Improve Your Fitness With Mild Interval Training

If you haven’t exercised in a long time and have gotten out of shape, mild interval training is a good way to rebuild endurance and cardiovascular fitness without killing yourself.

Let’s say your exercise of choice is running. Maybe you can only manage to run a few minutes before your heart feels like it’s about to explode out of your chest and you’re forced to stop for fear of passing out. It’s going to take you a while to build up to 30 minutes if you simply run your maximum each day and then stop.

So instead of that, try running 1 minute then walking 1 minute, repeating this cycle for as long as you can. You’ll find that you can go much further without overtaxing your heart and muscles. Maybe you can even go 10-20 minutes your first time. If run 1 walk 1 is too hard, try run 1 walk 2 or run 2 walk 3. Experiment to see what intervals work best for you. If your heart is still racing after the walking interval, increase the walking interval and/or reduce the running interval.

I recommend you aim for an initial interval that allows you to do the most amount of running in a 25 minute period. If you can only manage run 1 walk 4, that’s fine. Take a week to experiment with different intervals if you need to, but find one that allows you to go 25 minutes total (even if it’s run 1 walk 24). You should be physically challenged but not to the point of feeling nauseous or faint.

Once you’re able to go 25 minutes, gradually increase the running time and reduce the walking time. Aim to reach run 1 walk 1 for 25 minutes for an initial goal. Be patient as it may take you a few weeks to get there if you’re starting with a longer walking interval.

Next, gradually increase the running period while keeping the walking period at 1 minute. Go from run 1 walk 1 to run 1:30 walk 1. Then try run 2 walk 1. Keep extending your running intervals until you can manage run 8 walk 1 for 25 minutes.

Now keep those intervals the same, and gradually build your time from 25 minutes to 45 minutes. Don’t worry about distance, and don’t be concerned if you run a little slower. Just put in the time. Aim to increase the total time by about 10% per week, which roughly averages out to adding about 30 seconds per day.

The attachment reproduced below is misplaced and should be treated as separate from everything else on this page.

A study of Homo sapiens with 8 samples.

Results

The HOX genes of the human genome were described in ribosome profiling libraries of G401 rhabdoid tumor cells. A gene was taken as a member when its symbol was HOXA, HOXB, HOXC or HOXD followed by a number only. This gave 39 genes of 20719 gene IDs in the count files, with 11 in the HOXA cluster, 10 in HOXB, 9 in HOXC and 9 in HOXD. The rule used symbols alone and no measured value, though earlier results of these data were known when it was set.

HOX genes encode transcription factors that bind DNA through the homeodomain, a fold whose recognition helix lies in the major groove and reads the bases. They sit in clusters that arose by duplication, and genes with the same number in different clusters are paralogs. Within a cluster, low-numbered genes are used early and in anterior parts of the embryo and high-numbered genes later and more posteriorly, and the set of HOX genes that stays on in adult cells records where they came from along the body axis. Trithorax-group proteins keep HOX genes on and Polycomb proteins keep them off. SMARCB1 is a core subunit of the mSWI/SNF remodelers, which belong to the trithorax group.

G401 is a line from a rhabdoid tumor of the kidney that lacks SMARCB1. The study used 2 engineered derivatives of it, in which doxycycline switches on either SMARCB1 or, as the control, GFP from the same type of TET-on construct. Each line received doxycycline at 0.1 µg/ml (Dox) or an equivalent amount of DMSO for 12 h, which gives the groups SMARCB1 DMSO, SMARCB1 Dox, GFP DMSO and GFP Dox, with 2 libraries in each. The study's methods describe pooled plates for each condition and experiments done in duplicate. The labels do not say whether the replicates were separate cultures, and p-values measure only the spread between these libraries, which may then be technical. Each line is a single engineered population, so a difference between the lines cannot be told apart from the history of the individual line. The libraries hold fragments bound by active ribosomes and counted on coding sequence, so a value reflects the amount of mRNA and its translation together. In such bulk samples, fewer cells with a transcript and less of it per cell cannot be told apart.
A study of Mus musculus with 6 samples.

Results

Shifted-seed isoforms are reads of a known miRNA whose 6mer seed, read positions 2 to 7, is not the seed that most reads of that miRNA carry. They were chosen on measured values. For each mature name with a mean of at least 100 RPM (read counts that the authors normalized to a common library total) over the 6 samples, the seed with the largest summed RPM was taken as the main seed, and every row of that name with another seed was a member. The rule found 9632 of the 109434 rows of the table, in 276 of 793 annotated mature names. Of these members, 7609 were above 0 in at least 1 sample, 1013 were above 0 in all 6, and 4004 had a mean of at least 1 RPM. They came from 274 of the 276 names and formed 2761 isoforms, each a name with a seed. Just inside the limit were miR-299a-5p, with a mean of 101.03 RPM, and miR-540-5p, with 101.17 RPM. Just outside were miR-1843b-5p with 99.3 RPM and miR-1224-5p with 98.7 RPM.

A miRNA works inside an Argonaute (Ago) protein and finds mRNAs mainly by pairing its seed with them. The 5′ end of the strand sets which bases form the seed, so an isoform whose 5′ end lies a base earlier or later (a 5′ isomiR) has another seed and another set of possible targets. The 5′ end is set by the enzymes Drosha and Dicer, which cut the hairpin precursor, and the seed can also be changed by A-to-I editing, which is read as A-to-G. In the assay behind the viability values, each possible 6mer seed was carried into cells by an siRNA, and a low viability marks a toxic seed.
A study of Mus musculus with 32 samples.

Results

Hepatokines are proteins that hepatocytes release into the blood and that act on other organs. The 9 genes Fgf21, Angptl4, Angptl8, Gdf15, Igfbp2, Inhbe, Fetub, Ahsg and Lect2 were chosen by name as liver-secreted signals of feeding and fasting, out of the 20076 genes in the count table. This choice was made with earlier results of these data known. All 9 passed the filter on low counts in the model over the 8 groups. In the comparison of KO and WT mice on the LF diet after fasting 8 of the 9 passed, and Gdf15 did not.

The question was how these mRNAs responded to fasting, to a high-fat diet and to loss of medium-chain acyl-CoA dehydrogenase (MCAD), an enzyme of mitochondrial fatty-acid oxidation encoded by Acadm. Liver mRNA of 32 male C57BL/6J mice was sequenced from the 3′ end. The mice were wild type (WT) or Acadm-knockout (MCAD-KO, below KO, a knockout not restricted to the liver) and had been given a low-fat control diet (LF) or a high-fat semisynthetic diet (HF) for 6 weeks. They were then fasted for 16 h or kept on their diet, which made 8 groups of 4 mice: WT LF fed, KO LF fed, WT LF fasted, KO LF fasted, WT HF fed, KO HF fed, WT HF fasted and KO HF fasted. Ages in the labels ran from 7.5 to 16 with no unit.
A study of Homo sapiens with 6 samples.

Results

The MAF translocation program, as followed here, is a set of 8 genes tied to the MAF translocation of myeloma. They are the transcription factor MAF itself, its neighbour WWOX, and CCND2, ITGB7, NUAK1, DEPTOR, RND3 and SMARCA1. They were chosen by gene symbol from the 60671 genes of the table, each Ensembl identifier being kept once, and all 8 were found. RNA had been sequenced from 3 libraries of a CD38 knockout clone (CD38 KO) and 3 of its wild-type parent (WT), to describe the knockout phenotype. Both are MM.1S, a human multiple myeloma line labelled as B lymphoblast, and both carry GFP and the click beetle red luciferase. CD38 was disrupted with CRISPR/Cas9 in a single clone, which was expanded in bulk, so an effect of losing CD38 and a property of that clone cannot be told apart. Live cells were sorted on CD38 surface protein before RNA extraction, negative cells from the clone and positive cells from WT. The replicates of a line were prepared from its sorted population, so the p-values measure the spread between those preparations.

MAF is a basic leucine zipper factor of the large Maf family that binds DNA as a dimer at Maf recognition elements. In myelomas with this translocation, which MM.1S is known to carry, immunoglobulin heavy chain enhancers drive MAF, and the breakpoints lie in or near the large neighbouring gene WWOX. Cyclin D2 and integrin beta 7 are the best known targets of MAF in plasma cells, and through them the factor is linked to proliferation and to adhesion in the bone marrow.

Once you can do run 8 walk 1 for 45 minutes, you can switch to running continuously. You’ll likely find you’re able to do 25 minutes continuously without any trouble. After that you can continue to increase the distance, build your speed, do harder forms of interval training, or just maintain your current routine.

The advantage of this type of interval training is that you’re still spending most of the time in your aerobic range, so your circulatory system will get the benefit of that conditioning. If you’re out of shape, the running intervals will spike your heart rate quickly, and your heart rate will take a while to come back down, so even while walking you’ll still be mostly in the aerobic range. But you’ll avoid burning out from having your heart rate get too high. Walking won’t tire your muscles as much as running, so your legs won’t give out as quickly, and you won’t be quite as sore after your runs.

You can adapt this idea to other aerobic exercises as well. For swimming you can switch to a slower stroke or a glide. For bike riding you can coast instead of pedal hard.

This technique is also useful for distance running. Some people run marathons in a pattern of run 7 walk 1 (or similar intervals), and they often find their finishing times are better vs. when they run continuously. The brief walking periods slow you down in the early miles, but they make up for it in later miles by keeping your running muscles fresh. So you end up maintaining an even pace even through those last 6 miles where many people hit the wall.

Even if you’re terribly out of shape, you can use mild interval training to rebuild your fitness to a healthy level without causing yourself tremendous pain and discomfort. And it probably won’t take that long. A typical marathon training program can take you from running 3 miles to running 26.2 miles in six months, and that requires much more time and effort than going from 0 to 3 miles.